Newsletter No. 6 - September 1978
Bumper issue newsletter this time, as Trailertris are booming and there's a lot of news.
The recent Brisbane Sunday Sun Boat show at the Valley pool was a huge success, the on the pool venue being ideal for Trailertris. Derek Gibb's '680' BEWITCHED was only just finished in time, still being painted and assembled the day before. The wide 16' 4" beam dwarfed every other boat and this was easily the best show ever.
A good comparison shot of the 680 (22 footer) with a a 22' mono, a 23' telescopic cat, and a 20' cat.
BEWITCHED has since done extremely well in the Bramble Bay Winter Series here in Brisbane. Even though lacking a spinnaker and not fully tuned, she took line honours in the multihull section of the 2nd race, beating two of the fastest racing tris in Brisbane. Winds were light, just ideal for Trailertris!
Other builders here are progressing well, there should be at least 14 sailing in Brisbane next season, enough for class racing. Just launched are Graham MacFie's and John Davidson's '18s'. Forbes Peter's '680' will be next, probably followed by Ross Turner's, John Allcorn's and George Sadler's. Quite a few new builders; one well known is Nev Buckley, former skipper of the 18' skiff QLD TRAVELODGE, and winner of 67 championships. Like most builders Nev is mainly interested in cruising, but should he do some racing, things will liven up!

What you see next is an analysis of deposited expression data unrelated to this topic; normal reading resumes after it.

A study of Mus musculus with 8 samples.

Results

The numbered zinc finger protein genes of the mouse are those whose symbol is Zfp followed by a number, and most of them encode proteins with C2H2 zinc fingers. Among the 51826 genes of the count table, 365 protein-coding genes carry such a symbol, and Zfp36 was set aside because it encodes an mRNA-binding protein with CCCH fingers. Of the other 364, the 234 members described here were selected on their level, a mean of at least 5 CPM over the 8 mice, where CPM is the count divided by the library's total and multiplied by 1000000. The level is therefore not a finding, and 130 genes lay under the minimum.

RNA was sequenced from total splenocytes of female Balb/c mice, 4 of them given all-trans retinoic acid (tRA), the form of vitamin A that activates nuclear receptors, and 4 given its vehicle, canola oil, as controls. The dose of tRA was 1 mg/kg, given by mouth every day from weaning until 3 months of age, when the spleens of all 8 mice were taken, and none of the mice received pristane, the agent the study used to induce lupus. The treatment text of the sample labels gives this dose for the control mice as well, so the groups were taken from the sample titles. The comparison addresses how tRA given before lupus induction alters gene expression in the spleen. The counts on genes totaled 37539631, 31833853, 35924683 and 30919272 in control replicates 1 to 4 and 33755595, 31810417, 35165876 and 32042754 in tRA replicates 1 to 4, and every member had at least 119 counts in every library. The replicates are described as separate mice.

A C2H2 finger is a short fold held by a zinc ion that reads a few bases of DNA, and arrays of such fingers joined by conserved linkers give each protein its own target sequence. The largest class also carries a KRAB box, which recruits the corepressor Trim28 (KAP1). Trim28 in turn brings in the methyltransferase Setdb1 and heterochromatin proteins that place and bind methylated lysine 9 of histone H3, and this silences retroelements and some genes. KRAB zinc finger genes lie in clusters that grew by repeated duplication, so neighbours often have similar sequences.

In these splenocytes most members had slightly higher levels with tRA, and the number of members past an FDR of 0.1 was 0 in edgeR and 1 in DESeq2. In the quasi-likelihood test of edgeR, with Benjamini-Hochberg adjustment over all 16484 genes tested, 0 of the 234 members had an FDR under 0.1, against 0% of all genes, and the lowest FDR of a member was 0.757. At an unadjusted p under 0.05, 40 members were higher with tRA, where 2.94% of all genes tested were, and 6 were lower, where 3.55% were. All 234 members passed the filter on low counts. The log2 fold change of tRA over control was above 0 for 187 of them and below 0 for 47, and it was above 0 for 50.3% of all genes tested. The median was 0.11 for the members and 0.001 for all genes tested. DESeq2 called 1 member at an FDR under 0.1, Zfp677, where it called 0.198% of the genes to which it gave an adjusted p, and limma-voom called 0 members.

In New Zealand, there are now 22 being built with the first due in the water this season.
This will probably be Bob Cawston in Wanganui with his immaculate '18'. The next to launch should be John Wilmshurst in Hastings, or perhaps Reg and Geoff Collins in Tauranga. Of the six in Auckland, Dick Vroegops will probably be the first.
But things are really taking off in the U.S.A. with 8 or 10 enquiries in a day becoming common. No news of any launchings yet, but Phillippe Nobileau's '680' should be launched in California later this year, possibly the first, while in Florida, Fred Hoetzel is going well, but up in Vermont Dick Smyth seems to keep running out of sheds to build his '18' in! Most are building in either California or Florida, with quite a few also in the Lake Michigan area. Judging by the amount of interest a Trailertri causes on the roads here in Australia, the U.S. freeways are going to be livened up soon!
From the feed back from builders there appears to be no problems in the construction, the general agreement being that the cabin is the hardest. The first to mention this was Bruce Russek who is a regular phone caller from Papua New Guinea. Bruce has absolutely no previous boat building experience, but found everything easy until the cabin. This was both surprising and pleasing as nobody appears to have difficulty with the folding system, which was my main concern. The cabin is of conventional construction, so it seems that Trailertris are probably no harder to build than other types. Further notes have been now been added to the plans to help with the cabin.